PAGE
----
Thursday, June 14, 2012

938 - nWo Souled Out

I recently came across a blog post somewhere in which the author had done a recap/review of the 1997 PPV event, nWo Souled Out. nWo Souled Out was the first and only PPV event promoted by the nWo and was a different kind of beast compared to what the WWF or WCW were offering at the time. Reading this review had prompted me to do my own little reflection on the show.

I never saw the show "live" during its original 1997 airing. At the time, I was not yet into wrestling as much as I would eventually become a year later when the WWF Attitude era was in full force. However, I did dabble a bit in the weekly WCW Saturday Night that would air on one of the local channels (forget which one) and it's usually through that I usually get into the storylines. So I knew about the nWo and the Hogan heel turn and the Outsiders and whatnot... while mostly oblivious to what was going on in McWrestling Land. When I heard of an nWo-promoted PPV, my wheels were turning a bit. The most I got was the pre-show; no PPV purchasing powers at the time or even a descrambler box.

So I would not bare witness to Souled Out until a year or so ago when someone got me a copy of the show. Now I have read that this show wasn't any good; it was different but not quite good and not worth the effort in tracking down. Despite this, however, I always had a vested interest in watching this show. So with copy on hand, I plopped the show onto my DVD player and began watching the show. What follows are some points and thoughts that occur throughout the show - don't expect any indepth analyses or anything of that nature. Just good old fashioned rambling.
The show opens with a bunch of trucks and police cruisers approaching the arena. The nWo arrives at the arena with the Dallas Cowboys for some reason. The show then has its propaganda-esque nWo promos touting the groups superiority and some hype for a couple main event matches. Nothing special.

The arena's an interesting set-up. In addition to the big screen in the back, there's a podium, stairs with flashing lights, and dozens on monitors with the nWo logo paraded on each of them. The whole set-up is predominantly dark-colored. Admittedly, it makes for an interesting look to a wrestling show. My buddy told me that, minus a few monitors and the podium, this could have been a ECW stage if ECW had a slightly bigger budget. Personally, I don't share his viewpoint. If anything, this looks a lot better than the generic set-up WCW had for their shows towards the tail end of their existence.

There's no ring announcer; the generic nWo announcer guy does all the announcing and it's kinda hilarious. All the WCW guys are given disparaging names and no music while the nWo guys are given full-blown hyperbole exuding their greatness, music, and lightning effects. It's probably the best part about this show. The worst part? The Miss nWo contests dispersed throughout the PPV. I end up skipping over those. Thank fuck I didn't watch this live; I had enough emotional problems back in the day. I don't need to add to that with this shit.

Eric Bischoff and Ted DiBiase (Senior) provided commentary. DiBiase does good commentary. Uncle Ericc does his usual brand of commentary. Your tastes may vary, of course.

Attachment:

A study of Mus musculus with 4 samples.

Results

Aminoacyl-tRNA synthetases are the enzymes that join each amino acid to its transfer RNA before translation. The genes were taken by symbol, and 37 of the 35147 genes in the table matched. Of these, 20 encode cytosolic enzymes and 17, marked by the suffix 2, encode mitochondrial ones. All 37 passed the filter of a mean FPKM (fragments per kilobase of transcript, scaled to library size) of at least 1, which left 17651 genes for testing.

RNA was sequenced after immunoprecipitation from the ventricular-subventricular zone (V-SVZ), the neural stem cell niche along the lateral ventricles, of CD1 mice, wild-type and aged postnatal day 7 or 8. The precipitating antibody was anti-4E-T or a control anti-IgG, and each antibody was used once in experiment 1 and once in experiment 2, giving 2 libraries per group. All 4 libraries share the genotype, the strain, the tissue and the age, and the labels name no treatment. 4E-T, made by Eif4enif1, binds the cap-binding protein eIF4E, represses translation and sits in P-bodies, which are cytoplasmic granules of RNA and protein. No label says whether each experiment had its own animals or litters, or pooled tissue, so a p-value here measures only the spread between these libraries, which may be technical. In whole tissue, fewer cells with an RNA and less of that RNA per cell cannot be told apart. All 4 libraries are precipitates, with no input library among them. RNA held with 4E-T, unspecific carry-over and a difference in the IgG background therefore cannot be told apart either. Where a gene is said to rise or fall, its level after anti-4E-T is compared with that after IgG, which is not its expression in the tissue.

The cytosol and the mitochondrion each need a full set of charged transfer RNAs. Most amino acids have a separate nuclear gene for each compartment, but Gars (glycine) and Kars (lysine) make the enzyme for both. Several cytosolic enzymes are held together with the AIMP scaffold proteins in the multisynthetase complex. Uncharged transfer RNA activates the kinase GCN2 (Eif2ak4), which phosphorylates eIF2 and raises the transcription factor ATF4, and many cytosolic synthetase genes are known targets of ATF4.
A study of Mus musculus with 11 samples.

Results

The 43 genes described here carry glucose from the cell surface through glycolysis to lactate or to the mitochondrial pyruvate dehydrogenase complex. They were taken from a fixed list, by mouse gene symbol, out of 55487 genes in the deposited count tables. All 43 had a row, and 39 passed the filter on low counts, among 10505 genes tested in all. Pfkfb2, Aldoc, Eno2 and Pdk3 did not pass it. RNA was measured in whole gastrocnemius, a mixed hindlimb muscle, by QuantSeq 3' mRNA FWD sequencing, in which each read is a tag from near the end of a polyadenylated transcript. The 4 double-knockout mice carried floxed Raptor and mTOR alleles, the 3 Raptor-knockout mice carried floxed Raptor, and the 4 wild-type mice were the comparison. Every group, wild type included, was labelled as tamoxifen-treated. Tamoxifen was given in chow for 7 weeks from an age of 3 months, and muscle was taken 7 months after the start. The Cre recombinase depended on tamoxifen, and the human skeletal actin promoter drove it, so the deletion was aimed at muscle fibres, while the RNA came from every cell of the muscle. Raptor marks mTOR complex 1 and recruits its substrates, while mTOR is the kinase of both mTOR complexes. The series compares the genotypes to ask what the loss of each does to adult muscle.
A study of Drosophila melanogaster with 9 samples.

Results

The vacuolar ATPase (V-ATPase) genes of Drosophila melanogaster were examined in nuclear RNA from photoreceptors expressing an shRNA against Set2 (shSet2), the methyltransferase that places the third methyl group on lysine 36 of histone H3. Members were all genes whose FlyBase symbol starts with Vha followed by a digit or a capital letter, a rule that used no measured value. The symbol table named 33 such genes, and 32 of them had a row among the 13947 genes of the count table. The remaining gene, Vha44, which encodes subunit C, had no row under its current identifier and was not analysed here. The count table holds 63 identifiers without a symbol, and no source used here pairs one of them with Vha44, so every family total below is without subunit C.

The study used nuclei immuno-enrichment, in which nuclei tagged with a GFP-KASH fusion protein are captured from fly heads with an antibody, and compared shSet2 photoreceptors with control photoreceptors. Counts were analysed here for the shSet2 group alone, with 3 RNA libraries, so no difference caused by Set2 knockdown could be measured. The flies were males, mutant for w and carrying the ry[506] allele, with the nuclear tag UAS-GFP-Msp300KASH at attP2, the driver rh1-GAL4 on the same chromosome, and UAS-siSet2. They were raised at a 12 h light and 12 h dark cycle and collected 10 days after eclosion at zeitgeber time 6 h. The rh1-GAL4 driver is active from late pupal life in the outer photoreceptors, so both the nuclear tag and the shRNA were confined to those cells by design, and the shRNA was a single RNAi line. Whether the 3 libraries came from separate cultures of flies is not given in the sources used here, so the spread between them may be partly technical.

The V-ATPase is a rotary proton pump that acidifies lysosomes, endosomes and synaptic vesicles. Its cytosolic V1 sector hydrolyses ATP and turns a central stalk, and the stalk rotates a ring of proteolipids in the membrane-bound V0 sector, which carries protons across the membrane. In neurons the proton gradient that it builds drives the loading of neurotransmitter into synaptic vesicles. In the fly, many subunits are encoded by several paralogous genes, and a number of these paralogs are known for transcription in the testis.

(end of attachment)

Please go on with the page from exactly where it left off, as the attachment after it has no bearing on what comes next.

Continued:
Outside of a couple matches, the end result for the majority of these matches is that the nWo guy wins. There's a couple exceptions, but the majority of the matches have a rather predictable outcome all things considered and the whole show ends up being boring as a result because you already know who's going to win beforehand. Especially since nWo official Nick Patrick officiates ALL the matches.

Masahiro Chono (nWo) beats Chris Jericho (WCW) in a decent match.

Big Bubba (nWo) beats Hugh Morris (WCW) in a meh brawl.

Jeff Jarrett (WCW) beats Michael Wallstreet (nWo) when MONGO threatens Nick Patrick to do the count... nice change of pace, but the match was rather forgettable.

There's a house band that plays in the interim... I skip.

Buff Bagwell (nWo) beats Scotty Riggs (WCW) in a meh match.

DDP and Scott Norton goes to a no contest when DDP runs away to avoid the wrath of the nWo. DDP would be a huge opponent to the nWo, going to team with the likes of Karl Malowe and Jay Leno to fight against Hollywood Hulk Hogan... hey, I just realized something...

Hunter Hearst Helmsley
Hollywood Hulk Hogan



Fuck it. Let's move on.

Steiner Bros. defeat the Outsiders to win the WCW Tag Titles when WCW ref Randy Anderson ran in to do the count. This decision would be reversed and Anderson would be fired, meaning this match served no purpose other than to waste other people's time.

Eddie Guerrero defeats Syxx in a Ladder Match to retain the US title. Best match of the night, by far, with no interference. I believe it's also available on one of the Eddie Guerrero DVD sets. Don't recall which one, however.

And then there's the Hogan/Giant match that ends in a Giant beatdown and a Hogan promo. The end.

The actual show in general... there's a different vibe to it, different camera tricks and perspectives, different effects employed at times. It's clear that WCW... er, I mean, the nWo was trying something to differentiate this show from the rest of the WCW litter. And in that regard, I can certainly applaud the effort. It sort of stands out in that sense. However, the actual show itself - whether it'd be the wrestling or the skits in between - was really weak and not all that good. The ladder match is the best match of the show, but not necessarily one that's going to be remembered down the road. As a curiosity piece, it certainly has its moments and I was intrigued by the show. As a wrestling show... it fell flat on its ass.